Baker Hughes has launched a new deepwater multistage fracturing service, DEEPFRAC. It maximizes reservoir contact and simplifies operations for increased efficiency. Typically, after a deepwater well has been drilled, the subsequent completion phase involves multiple, time-consuming steps. The DEEPFRAC service eliminates casing and cementing operations and simplifies fluid logistics by using ball-activated, multiposition sleeves that can be installed in open-hole wellbores containing drilling mud.
Further, unlike conventional offshore systems’ complicated tool running procedures and extensive mechanical manipulation requirements, no tool movement is needed during the DEEPFRAC service’s stimulation process. The sleeve’s ball activation enables continuous pumping from the first stage to the last, according to Jim Sessions, Baker Hughes VP of Completions.
Conventional offshore stimulation systems are often limited to only five zones or “stages,” and these systems lack configuration flexibility that often results in uneven treatments and creates long sections of “dead space” that cover up hundreds of feet of viable pay. The sleeves used in the DEEPFRAC service are modular and flexible, enabling placement of up to 20 tightly spaced stages across the pay zone to ensure more uniform treatments and to maximize reservoir contact.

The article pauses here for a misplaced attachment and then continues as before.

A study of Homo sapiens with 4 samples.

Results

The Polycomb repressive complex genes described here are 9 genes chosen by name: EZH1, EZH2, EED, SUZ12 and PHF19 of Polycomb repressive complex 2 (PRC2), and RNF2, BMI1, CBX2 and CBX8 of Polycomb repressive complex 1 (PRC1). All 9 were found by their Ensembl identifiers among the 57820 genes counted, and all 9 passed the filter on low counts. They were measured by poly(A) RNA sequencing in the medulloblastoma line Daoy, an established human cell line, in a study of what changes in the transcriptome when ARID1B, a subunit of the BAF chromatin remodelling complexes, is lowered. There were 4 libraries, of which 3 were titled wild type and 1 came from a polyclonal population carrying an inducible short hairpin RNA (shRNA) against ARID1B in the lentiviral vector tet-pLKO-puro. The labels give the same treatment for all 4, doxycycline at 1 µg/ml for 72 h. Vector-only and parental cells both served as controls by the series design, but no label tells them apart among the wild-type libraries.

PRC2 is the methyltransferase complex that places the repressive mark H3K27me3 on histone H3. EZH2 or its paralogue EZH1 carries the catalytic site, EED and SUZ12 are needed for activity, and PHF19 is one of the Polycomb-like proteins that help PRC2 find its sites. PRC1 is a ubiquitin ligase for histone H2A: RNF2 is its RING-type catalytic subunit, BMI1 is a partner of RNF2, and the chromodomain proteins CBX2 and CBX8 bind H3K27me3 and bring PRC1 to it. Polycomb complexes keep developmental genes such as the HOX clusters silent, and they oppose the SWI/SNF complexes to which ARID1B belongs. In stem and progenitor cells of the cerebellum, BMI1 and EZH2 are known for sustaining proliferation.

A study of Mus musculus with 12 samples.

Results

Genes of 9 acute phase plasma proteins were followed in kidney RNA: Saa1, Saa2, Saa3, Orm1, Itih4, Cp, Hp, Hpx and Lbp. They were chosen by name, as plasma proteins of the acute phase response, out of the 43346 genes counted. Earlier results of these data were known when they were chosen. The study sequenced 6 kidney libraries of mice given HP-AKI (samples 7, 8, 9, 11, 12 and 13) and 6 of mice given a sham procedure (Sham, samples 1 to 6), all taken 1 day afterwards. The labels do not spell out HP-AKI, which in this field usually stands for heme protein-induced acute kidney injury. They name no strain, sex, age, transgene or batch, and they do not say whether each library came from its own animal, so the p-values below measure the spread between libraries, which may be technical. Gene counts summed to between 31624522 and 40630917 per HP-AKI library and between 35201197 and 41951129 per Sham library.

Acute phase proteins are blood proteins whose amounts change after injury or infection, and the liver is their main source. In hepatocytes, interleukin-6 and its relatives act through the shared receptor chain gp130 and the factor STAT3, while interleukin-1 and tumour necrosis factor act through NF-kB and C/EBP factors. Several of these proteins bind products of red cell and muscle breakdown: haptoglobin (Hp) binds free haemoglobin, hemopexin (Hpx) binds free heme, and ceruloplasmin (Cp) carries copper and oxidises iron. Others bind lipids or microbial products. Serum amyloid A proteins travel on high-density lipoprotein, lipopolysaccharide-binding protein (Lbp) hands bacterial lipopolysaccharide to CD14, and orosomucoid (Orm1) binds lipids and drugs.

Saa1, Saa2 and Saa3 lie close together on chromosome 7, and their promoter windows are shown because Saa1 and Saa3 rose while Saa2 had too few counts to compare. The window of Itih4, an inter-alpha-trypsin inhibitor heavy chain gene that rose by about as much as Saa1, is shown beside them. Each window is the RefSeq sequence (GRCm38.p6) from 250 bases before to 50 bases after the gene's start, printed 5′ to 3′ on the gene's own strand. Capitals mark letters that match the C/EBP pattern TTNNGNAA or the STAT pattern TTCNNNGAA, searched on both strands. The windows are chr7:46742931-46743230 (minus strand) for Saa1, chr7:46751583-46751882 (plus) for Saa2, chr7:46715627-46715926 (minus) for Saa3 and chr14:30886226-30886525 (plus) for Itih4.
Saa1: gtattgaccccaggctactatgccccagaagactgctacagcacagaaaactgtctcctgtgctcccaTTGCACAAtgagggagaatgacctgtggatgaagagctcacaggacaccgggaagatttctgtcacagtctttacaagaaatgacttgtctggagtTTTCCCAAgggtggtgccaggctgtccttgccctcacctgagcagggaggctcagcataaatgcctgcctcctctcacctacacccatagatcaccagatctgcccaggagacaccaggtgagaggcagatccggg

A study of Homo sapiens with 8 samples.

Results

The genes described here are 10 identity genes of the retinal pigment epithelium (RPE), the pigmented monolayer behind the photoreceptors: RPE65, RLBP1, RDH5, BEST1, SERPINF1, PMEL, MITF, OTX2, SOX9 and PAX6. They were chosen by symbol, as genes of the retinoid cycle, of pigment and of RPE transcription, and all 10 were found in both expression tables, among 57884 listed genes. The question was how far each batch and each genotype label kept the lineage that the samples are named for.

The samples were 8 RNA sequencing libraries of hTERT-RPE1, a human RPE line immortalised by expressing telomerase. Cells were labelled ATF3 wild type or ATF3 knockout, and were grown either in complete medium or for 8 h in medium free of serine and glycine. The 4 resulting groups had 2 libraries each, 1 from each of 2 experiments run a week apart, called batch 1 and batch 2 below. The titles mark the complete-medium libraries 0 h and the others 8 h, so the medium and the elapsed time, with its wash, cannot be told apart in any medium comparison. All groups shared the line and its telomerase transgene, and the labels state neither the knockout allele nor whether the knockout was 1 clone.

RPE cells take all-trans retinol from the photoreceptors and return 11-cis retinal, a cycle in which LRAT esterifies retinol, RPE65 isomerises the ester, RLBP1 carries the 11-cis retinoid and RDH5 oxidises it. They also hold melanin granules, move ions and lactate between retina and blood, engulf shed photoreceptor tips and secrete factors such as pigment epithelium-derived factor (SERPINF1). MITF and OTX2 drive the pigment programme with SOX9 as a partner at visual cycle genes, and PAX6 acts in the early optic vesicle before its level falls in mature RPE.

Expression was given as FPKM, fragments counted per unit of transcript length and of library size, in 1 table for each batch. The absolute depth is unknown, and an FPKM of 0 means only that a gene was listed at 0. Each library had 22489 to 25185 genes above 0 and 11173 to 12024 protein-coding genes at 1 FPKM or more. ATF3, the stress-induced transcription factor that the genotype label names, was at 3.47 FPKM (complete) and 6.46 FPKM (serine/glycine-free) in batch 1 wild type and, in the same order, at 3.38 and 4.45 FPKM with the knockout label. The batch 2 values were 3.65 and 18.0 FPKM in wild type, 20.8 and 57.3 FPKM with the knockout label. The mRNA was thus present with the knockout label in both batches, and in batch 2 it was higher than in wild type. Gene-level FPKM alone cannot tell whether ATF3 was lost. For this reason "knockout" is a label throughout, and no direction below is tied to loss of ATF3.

After stimulation operations are complete, Baker Hughes’ IN-Tallic disintegrating frac balls allow production to flow without intervention. The company’s BeadScreen proppant flowback control technology is also built directly into the DEEPFRAC sleeve’s production ports, providing increased reliability over conventional sand screens through higher burst/collapse ratings and improved erosion/plugging resistance, helping to ensure long-term, sand-free production.
On a recent job, the DEEPFRAC service saved an estimated 25 days rig time and $40 million on a first-ever 15-stage deepwater completion in the Gulf of Mexico’s Lower Tertiary.
Watch DC’s video with Mr Sessions, conducted at the 2017 OTC in Houston on 1 May for more information.